John Williams says he hopes his large-scale artwork unveiled this week at Shell’s Corunna refinery will inspire residents to find their way home.
“Not everybody knows their culture — where they come from,” said the Aamjiwnaang artist.
“Maybe this will be a beacon of light somewhere to somebody.
“When they drive by and look up… they can come back to find themselves.”
Williams was on hand Friday for the official unveiling at Shell, where tank no. 96 features his piece, “Ojibwe Spirit” — a mural made of panels mirroring his original painting, completed this summer.
With the help of local photographer Richard Beland, the mural was installed piece-by-piece, like a puzzle, he explained.
“It pushed the limits of everything I know how to do in photography,” said Beland, who used a specialized camera to photograph the painting in sections before reproducing it on the tank. “I wanted to make sure that we stayed true to John’s detail.
“It’s one of the more important things I’ve ever done.”
The concept, first conceived by Shell process team lead, Barry Antoine, was three years in the making.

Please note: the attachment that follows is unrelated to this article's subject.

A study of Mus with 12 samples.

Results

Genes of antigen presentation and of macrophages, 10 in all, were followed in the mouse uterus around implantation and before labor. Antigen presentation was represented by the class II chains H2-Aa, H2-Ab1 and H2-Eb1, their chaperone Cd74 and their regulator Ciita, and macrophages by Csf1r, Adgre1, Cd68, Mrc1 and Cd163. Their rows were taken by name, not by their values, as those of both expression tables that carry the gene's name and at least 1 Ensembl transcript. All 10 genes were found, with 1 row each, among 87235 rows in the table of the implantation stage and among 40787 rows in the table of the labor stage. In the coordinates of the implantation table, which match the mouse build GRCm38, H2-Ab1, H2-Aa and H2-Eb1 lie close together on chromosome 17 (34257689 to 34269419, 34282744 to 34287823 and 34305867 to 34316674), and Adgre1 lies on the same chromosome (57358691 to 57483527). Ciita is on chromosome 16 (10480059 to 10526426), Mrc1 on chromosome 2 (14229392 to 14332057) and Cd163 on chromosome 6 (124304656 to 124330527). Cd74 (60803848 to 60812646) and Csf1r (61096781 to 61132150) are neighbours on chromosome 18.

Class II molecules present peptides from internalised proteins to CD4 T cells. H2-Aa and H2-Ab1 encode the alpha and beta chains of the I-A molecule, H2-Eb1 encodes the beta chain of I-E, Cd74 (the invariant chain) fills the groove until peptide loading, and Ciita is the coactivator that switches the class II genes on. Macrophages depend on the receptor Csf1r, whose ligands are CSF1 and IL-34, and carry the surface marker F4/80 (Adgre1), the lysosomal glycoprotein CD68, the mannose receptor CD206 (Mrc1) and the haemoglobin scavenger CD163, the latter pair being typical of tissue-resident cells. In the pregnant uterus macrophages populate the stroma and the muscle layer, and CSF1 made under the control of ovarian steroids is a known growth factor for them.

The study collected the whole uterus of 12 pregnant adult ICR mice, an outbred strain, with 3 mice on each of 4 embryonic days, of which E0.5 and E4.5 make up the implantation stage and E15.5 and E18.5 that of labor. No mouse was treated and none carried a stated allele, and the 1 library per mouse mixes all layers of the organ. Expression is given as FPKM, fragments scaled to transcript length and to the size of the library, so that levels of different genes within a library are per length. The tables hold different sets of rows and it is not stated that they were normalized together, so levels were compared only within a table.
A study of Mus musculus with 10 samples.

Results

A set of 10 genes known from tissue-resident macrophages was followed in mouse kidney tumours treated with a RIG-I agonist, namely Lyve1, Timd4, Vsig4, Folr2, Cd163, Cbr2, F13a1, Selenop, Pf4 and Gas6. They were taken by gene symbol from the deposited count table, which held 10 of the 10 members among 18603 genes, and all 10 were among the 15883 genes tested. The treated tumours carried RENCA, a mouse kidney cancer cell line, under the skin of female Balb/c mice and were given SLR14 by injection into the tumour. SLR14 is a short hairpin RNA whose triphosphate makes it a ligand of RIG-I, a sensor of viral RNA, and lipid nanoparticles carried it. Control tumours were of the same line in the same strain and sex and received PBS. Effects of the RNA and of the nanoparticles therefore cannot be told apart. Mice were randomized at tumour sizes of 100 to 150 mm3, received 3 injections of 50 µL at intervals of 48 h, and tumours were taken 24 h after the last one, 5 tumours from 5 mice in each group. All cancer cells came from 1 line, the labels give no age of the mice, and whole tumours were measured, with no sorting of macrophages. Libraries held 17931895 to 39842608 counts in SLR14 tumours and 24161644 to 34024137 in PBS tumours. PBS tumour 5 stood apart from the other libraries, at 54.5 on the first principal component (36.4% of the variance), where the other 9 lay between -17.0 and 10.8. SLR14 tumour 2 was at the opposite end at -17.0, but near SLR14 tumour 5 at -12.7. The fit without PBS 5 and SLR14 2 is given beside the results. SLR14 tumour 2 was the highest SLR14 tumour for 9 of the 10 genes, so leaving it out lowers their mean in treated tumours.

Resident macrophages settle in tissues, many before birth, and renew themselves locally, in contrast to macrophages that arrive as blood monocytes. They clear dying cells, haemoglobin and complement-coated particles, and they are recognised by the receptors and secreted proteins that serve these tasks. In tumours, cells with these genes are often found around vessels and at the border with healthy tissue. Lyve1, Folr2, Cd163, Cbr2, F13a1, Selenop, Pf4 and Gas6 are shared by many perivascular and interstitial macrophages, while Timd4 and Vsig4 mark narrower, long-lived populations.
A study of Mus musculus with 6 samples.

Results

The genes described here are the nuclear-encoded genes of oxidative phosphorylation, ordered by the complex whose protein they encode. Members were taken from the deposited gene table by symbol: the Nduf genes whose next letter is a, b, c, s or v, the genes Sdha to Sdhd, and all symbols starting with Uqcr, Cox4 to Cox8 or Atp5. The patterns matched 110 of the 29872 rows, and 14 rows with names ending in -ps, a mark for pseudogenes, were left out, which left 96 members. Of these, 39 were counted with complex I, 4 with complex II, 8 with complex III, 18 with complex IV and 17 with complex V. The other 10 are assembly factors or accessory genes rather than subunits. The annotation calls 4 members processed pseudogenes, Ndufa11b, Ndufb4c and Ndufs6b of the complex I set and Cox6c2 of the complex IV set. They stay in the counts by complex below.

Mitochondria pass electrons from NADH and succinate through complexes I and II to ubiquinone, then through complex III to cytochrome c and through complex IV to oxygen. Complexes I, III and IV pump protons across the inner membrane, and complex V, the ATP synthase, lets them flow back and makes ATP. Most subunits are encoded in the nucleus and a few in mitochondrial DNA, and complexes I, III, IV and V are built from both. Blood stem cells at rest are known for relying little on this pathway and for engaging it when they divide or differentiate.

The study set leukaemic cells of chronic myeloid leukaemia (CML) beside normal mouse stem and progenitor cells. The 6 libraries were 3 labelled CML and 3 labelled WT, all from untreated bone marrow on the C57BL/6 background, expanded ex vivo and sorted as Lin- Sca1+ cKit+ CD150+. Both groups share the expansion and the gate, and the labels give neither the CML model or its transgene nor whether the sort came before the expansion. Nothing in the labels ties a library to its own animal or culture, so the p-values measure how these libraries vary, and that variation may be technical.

“It was just an idea — I thought, these tanks are so bland and white,” said Antoine, who is also the Indigenous Lead for Shell Canada. “Why not put some artwork on them?”
The project was a personal one for Antoine, who called it the ‘proudest moment’ of his 32-year career.
“I’ve lost my past…my father was among those ‘scooped,’” Antoine said of the time known as the ‘sixties scoop,’ the large-scale removal or “scooping” of Indigenous children from their homes and communities into non-indigenous homes, stripping many of their cultural identity.
“I spent some time on the reservations between Sarnia, Walpole Island, Kettle and Stony Point, and my home Oneida… so I’ve been trying to find myself.
“This has allowed me to get back to my heritage.”